3 million apprenticeships by 2020: will Britain fail?
Abby Shorter, a skilled young recruit at the end of a plumbing apprenticeship, was featured in The Guardian today.
The 24-year-old had spent the morning fitting radiators in a block of flats in south London and beamed as she told reporters: “I like to see a project grow and progress. It is very rewarding.”1
The former retail manager has spent the past two years learning about combi boilers, taps, and everything else necessary to prepare her for a career in plumbing. She excitedly told The Guardian that once the work in south London was complete, she’d be moving on to a new site, revealing: “This job is all plastic but the next job is all copper. With copper there is more of an art to it. You can bend the pipework in a way that it looks nice; there are soldering techniques.”
Shorter’s skills and enthusiasm are exactly what the plumbing industry, and the construction sector as whole, needs. The construction industry fought its way out of the recession only to be faced with a severe shortage of skilled workers, all whilst project numbers continue to grow.
Addressing the issue, Nick Boles, the UK’s Skills Minister, has pledged to create three million apprenticeships by 2020. Brian Berry, Chief Executive of the Federation of Master Builders (FMD), welcomes the target but emphasises that reforms must take place in order to achieve it.
Berry said: “As construction accounts for about 7% of GDP, it means our sector should be responsible for around 210,000 of these apprenticeships, which equates to 42,000 a year over the next parliament. Given that the industry only achieved 16,000 in 2013/14, there is a lot of work to be done.”
1 in 10 jobs in the UK are in construction – 943,000 young people are out of work – so why aren’t more young people taking on an apprenticeship in the trades?
One possibility is that young people don’t realise the earning potential of a career in the trades, or the job satisfaction that comes with trade work. Plumbers, for instance, can earn £35,000 per year, which is significantly higher than the UK’s average salary of £26,0002. And although the idea of early starts and dirty work may put some people off, being able to use your expertise to help people have safe and comfortable homes is highly rewarding.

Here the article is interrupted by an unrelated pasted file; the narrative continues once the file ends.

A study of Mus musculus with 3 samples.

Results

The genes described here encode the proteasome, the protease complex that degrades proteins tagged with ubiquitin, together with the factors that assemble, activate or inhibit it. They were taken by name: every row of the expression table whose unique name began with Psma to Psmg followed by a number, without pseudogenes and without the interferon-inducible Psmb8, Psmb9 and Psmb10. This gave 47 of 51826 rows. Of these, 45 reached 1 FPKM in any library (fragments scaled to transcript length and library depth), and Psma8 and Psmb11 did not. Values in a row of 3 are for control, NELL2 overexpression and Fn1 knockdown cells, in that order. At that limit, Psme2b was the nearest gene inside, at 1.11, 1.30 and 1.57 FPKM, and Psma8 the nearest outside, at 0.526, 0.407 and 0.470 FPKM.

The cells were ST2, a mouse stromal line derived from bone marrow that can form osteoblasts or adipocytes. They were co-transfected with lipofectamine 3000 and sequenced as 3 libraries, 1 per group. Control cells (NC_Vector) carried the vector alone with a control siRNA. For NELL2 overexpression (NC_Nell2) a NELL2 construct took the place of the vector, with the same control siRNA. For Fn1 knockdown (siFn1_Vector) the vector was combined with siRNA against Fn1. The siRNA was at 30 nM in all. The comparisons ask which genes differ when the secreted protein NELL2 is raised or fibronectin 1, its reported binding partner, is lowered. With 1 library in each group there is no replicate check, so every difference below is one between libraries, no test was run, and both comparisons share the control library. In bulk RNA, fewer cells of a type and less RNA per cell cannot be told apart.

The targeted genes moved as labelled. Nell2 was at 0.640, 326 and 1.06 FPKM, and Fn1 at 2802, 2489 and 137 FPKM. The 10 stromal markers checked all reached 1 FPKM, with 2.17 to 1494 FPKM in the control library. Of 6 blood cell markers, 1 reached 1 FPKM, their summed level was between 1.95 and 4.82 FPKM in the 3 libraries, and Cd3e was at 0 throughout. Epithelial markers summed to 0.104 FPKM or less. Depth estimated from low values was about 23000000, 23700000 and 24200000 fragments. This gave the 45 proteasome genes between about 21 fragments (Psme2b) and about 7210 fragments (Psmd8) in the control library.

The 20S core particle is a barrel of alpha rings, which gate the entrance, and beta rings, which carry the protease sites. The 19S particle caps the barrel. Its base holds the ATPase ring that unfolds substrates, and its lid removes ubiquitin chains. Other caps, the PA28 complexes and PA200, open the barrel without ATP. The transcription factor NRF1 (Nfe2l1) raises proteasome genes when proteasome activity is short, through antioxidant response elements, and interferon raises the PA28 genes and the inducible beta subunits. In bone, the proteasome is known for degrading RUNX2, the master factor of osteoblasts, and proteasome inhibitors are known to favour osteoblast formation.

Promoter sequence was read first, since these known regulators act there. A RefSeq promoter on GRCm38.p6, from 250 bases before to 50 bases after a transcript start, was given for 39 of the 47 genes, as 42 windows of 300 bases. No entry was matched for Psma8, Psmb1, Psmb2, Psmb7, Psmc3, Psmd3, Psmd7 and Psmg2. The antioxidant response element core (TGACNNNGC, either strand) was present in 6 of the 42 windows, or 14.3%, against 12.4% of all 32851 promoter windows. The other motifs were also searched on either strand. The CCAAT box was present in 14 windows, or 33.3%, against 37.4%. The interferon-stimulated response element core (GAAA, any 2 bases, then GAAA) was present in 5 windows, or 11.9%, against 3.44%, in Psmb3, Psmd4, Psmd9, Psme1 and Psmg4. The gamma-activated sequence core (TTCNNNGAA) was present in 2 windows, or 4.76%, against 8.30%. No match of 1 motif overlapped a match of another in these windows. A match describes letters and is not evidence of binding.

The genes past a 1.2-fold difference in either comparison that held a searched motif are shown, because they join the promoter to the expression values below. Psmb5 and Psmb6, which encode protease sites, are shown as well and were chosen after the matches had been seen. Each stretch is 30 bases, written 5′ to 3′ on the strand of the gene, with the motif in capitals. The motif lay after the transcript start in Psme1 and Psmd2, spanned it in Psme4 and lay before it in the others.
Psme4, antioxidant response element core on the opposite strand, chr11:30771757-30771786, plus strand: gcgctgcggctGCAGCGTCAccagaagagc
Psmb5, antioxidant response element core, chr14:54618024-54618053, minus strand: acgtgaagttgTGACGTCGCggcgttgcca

Another reason that apprenticeships may not be attracting enough young people is that the schemes do not pay competitively when compared to the wider job market. The national minimum wage for apprentices is £2.73, thus it’s easy to see why a retail or office job may be more appealing for a young person keen to start earning once they have left school or college. The longer-term financial reasons to take an apprenticeship are neglected in these conversations, as it’s not uncommon for plumbers, electricians and builders to out-earn their peers working in offices, factories, and so on, once they become qualified.
Of course, there are holdbacks from the employer’s side too, as many businesses may not have the resources to support apprenticeship programmes, which require time and attention from senior employees to develop an apprentice’s skills.
Therefore, the Skills Minister’s creation of three million new apprenticeships must be able to provide learners with the incentive to take part, and businesses with the means to be able to provide first-class training.
Further to this, the fact that 40% of construction output is coming from the public sector cannot be ignored. Berry believes that the Government should only allow contracts with firms that agree to take on apprentices, stating: “In the past, there has been evidence to suggest that pledges by firms to train apprentices have not transpired. Government need to get better at policing its contractual stipulation if we really are to crank up the level of apprenticeships via the public sector.”
1 The Guardian, 2015. ‘At some point we will have no one coming into the construction industry’. [Online] Available at: http://www.theguardian.com/business/2015/jun/24/construction-industry-apprenticeships-skilled-workers-training.
2 Wikipedia, 2015. Income in the United Kingdom. [Online] Available at: https://en.wikipedia.org/wiki/Income_in_the_United_Kingdom.
[All information sources accessed 25th June 2015].